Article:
The International Atomic Energy Agency (IAEA) issued its third quarterly report assessing Iran’s compliance with the July 2015 nuclear deal, as officials from several nations disagree on whether more details are needed in IAEA reporting on Tehran’s nuclear activities.
The Sept. 8 report says that Iran is abiding by key restrictions laid out in the agreement reached between Iran and the P5+1 (China, France, Germany, Russia, the United Kingdom, and the United States). The IAEA certified in January that Iran met the requirements to begin implementation of the nuclear deal known as the Joint Comprehensive Plan of Action. Prior to that, the agency was directed by its board of governors in December 2015 to issue quarterly reports on Iran’s compliance. (See ACT, March 2016; January/February 2016.)
The report notes compliance with constraints set by the accord, among them Iran’s stockpile of enriched uranium being less than the 300-kilogram cap, its enrichment levels remaining at 3.67 percent uranium-235, and Tehran using only 5,060 first-generation IR-1 centrifuges for enrichment at its Natanz facility.
Despite these details, an official from one of the European countries that negotiated the agreement with Iran told Arms Control Today on Sept. 19 that “it is in the best interest of all parties to the agreement for the agency to provide greater detail” on Iran’s nuclear activities. The official said that “more transparency equals more trust in the implementation of the deal” and that several European countries planned to urge IAEA Director-General Yukiya Amano to be more forthcoming in the quarterly reports during the September meetings of the IAEA Board of Governors.
But another European official said in a Sept. 16 email that there is too much emphasis on the content of the agency’s reports. He said that nuclear activities and the monitoring of nuclear programs is “technically sensitive” and that “not every detail needs to be public.” The official said that what is important is that the IAEA continue to raise any compliance concerns that it observes, as the agency did with the heavy-water limits, and that all of the parties continue to work together to resolve any issues that may emerge as the deal is implemented.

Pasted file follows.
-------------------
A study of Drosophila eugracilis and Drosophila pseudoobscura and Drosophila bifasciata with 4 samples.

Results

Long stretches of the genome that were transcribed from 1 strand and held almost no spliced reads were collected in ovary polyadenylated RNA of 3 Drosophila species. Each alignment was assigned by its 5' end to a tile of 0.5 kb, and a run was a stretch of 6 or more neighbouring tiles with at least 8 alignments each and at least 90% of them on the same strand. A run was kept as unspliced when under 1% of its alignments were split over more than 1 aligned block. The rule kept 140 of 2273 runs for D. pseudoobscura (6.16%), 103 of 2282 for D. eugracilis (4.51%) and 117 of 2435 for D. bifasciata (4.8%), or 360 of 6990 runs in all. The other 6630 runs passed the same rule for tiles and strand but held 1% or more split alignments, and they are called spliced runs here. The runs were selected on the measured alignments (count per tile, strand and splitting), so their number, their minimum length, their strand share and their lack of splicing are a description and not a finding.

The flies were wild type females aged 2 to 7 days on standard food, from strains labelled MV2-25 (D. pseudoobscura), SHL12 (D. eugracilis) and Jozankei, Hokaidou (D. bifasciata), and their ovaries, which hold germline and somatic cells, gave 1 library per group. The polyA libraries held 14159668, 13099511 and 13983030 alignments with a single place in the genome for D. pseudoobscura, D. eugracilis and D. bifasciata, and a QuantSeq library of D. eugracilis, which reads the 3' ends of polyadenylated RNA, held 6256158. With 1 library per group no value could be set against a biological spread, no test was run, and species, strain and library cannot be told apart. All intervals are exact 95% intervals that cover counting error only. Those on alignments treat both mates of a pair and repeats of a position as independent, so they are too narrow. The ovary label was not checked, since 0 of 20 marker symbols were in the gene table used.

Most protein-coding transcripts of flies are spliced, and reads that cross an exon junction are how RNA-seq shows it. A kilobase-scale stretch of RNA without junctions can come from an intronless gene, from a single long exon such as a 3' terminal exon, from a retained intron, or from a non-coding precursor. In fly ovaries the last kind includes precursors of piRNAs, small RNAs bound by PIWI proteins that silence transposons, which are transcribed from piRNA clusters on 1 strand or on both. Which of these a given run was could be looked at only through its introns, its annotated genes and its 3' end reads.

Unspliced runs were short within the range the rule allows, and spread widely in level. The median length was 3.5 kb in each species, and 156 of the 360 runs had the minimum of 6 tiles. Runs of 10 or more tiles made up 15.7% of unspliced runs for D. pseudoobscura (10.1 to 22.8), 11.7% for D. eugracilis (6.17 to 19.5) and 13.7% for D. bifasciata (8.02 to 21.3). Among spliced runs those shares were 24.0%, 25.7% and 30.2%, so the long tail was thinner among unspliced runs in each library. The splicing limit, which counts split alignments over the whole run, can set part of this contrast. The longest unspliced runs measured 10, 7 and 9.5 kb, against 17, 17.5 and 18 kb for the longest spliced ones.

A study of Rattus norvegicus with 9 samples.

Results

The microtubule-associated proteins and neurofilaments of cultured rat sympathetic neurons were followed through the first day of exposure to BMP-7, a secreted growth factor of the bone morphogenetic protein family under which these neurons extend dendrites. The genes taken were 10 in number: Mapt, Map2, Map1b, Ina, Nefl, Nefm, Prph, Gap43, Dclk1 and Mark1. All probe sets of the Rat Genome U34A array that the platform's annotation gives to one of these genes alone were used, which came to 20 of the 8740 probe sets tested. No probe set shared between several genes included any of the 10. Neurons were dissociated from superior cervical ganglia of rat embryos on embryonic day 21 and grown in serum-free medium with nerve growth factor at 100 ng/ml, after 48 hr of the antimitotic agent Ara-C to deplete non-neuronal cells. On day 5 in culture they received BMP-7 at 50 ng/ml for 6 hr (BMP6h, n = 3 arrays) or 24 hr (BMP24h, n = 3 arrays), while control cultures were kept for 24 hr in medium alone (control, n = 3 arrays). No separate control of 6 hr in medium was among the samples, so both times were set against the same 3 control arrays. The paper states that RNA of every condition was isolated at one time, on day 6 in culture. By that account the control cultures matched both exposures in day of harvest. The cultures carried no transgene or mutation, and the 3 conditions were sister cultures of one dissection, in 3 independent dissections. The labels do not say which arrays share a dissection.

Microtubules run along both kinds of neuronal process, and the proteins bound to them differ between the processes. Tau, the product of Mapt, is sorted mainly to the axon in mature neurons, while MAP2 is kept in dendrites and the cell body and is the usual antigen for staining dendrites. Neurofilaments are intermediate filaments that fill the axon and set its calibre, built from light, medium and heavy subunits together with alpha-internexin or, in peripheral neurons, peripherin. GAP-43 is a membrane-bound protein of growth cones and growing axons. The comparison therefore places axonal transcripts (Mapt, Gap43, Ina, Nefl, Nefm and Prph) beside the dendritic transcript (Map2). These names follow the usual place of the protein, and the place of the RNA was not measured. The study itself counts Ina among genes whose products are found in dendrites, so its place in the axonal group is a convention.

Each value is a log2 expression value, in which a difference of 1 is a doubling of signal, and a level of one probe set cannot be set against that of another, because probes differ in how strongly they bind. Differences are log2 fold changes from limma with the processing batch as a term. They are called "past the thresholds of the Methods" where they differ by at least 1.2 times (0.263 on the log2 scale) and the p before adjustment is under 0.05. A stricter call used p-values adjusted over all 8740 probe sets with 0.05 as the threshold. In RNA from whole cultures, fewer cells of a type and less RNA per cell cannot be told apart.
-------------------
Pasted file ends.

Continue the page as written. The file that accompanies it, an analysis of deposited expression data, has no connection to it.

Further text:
In its first quarterly report on implementation of the agreement, the IAEA in February said that Iran’s stockpile of heavy water, which can be used to moderate some types of nuclear reactors, exceeded the 130 metric ton limit set in the deal. Iran shipped out a portion of its stockpile to return to compliance. The subsequent reports in May and September noted that Iran was under the 130-ton limit.
In a Sept. 21 statement to the board, Laura Holgate, U.S. ambassador to the IAEA, said that the reports “have included the level of detail necessary” for the board and the parties to the nuclear deal to “accurately assess Iran’s implementation of its commitments” and that the “amount of detail needed in these reports necessarily depends on the IAEA’s actual observations and they can be adjusted as necessary.”
The September report did provide some new information on Iranian nuclear activities since the previous IAEA report on Iran, issued in May. The September report noted that Iran removed 96 IR-1 centrifuges from the storage area at Natanz to replace damaged centrifuges that were enriching uranium. As part of the agreement, Iran moved about 13,000 centrifuge machines into storage monitored by the IAEA and can only access the machines under agency supervision to replace broken or damaged machines.
According to the report, Iran also submitted declarations to the IAEA for implementation of its additional protocol, which gives agency inspectors expanded access to information and sites, and the IAEA is evaluating those documents. As part of the nuclear agreement, Iran is provisionally implementing the additional protocol to its safeguards agreement and will seek ratification of the document.